Friday 02 March 2018

Reading time: 2 minutes

Your social media profile can be used against you. Here’s how to stay safe.
Close up of a laptop being used by a person

Tip #1: Don’t over-broadcast

Though it sometimes seems like you’re only talking to your friends online, be aware that you might not be. People can access any public conversations, and build up a detailed profile of your offline self.

Burglars, for example, have been known to target homes through social media. So don’t talk too much about your very expensive new games console, your faulty front door lock or your upcoming holiday.

Predators and trolls can also use your social media posts to their advantage. Don’t provide ammunition; keep your personal conversations to private groups, and don’t engage with strange comments, or commenters.

Tip #2: Watch what you snap

Even innocent family photos can pose a problem online. Make sure that you don’t have old cards, bank statements or other sensitive information hanging around in the background. It's always polite to ask others for permission to take photos. Know how to untag yourself from photos others post should you need to.

Tip #3: Use privacy settings

Privacy settings can make all the difference to your enjoyment and safety. Private profiles aren’t ideal if you want to use social media for professional purposes, post viral content or generally make a splash online, but they’re great for personal use.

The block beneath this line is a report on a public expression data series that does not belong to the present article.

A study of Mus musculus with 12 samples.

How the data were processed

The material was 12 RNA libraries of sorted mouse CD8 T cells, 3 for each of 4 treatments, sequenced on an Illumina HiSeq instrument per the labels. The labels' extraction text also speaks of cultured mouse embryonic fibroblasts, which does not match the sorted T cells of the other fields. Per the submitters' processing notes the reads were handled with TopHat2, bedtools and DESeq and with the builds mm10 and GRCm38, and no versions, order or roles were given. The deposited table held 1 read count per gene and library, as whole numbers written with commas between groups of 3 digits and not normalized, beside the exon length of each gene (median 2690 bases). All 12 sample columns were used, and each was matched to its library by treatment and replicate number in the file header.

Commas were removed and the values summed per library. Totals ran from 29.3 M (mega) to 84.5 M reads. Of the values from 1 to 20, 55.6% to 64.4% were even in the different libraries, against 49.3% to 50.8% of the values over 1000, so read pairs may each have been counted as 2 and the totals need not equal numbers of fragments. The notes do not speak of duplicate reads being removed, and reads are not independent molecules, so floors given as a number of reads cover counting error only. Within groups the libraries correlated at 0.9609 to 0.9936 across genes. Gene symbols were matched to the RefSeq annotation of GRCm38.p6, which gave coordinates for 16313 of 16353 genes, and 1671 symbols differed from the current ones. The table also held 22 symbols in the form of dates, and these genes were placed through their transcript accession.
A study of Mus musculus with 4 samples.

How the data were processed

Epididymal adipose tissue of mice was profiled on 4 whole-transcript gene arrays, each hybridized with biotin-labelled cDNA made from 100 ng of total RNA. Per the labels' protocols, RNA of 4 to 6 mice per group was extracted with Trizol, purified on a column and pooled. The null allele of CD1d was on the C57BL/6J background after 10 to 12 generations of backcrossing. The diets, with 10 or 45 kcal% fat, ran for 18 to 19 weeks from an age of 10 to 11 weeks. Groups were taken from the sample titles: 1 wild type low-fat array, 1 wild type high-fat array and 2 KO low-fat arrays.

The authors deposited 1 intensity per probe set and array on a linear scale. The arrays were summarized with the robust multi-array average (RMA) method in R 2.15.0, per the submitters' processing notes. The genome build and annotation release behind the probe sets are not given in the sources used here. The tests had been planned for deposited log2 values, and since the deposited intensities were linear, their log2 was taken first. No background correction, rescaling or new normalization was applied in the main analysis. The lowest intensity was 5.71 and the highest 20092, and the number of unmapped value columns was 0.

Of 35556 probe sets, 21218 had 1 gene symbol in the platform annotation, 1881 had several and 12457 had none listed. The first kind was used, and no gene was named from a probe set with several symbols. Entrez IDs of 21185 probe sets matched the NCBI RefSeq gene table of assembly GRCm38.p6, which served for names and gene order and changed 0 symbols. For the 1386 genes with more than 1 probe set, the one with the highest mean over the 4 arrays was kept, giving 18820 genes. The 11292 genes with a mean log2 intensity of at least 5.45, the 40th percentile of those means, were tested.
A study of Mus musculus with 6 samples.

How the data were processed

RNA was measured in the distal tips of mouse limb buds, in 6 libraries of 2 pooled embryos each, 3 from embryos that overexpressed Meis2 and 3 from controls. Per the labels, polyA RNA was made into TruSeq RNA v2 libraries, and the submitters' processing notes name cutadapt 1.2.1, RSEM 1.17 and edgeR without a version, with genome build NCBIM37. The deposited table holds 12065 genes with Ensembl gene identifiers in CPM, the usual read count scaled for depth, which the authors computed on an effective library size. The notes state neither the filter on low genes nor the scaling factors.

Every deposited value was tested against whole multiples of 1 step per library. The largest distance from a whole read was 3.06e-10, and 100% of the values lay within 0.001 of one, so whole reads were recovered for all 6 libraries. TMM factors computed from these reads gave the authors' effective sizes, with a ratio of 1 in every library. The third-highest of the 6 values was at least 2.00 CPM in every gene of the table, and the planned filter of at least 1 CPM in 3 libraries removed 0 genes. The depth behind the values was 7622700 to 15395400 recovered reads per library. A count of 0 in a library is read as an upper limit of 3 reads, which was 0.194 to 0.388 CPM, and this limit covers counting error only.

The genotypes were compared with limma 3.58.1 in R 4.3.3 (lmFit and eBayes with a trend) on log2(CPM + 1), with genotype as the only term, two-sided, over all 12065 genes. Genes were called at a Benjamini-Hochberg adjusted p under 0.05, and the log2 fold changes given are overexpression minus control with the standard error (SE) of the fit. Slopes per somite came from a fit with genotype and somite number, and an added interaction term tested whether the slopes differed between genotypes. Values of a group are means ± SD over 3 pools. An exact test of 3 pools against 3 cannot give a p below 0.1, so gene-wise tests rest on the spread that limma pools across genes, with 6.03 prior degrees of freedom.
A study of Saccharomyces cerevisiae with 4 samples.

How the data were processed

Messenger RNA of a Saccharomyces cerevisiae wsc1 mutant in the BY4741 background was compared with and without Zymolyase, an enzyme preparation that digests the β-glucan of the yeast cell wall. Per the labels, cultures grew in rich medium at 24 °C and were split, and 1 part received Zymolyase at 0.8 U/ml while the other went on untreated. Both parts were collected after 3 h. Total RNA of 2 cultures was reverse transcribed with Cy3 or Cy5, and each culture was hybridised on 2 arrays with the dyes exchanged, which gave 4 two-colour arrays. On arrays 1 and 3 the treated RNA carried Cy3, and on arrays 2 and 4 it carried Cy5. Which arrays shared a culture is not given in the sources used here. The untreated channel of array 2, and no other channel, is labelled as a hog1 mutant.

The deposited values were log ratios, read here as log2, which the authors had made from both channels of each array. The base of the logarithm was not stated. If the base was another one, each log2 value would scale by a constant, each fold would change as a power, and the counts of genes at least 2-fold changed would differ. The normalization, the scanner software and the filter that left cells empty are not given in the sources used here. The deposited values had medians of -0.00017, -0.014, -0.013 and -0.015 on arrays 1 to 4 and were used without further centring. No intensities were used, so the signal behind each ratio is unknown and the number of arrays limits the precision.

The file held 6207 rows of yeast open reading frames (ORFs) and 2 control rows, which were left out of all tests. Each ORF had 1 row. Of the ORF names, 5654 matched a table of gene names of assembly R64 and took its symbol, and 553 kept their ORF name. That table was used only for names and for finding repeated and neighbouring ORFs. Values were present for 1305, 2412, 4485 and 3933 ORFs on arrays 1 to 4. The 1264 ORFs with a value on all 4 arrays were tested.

Use these settings to completely bar the negative influences, trolls, predators and general non-friends that lurk online. They won’t be able to access your posts, photos or conversations without your permission.

Tip #4: Be industrious with passwords and passcodes

Ever accidentally left your phone somewhere? Hijackings can range from mildly embarrassing to very serious. Setting a passcode on your phone ensures you an extra layer of security – even if it’s just from mischievous siblings.

Change your passwords regularly and vary them from platform to platform, device to device. And don’t be too obvious! If you have opted for a ‘classic’ sort of password – a childhood pet, for example – try to avoid mentioning said pet in your online conversations.

Tip #5: Don’t be too trusting

Be aware that if a link, post or invitation seems strange– even if it’s from a friend – then it probably is. Clicking such links can result in big problems for your social media profile, computer and email account.

Likewise, be generally aware of those you don’t know in real life. While many great friendships and relationships can be forged online, it doesn't hurt to be careful when chatting to new acquaintances.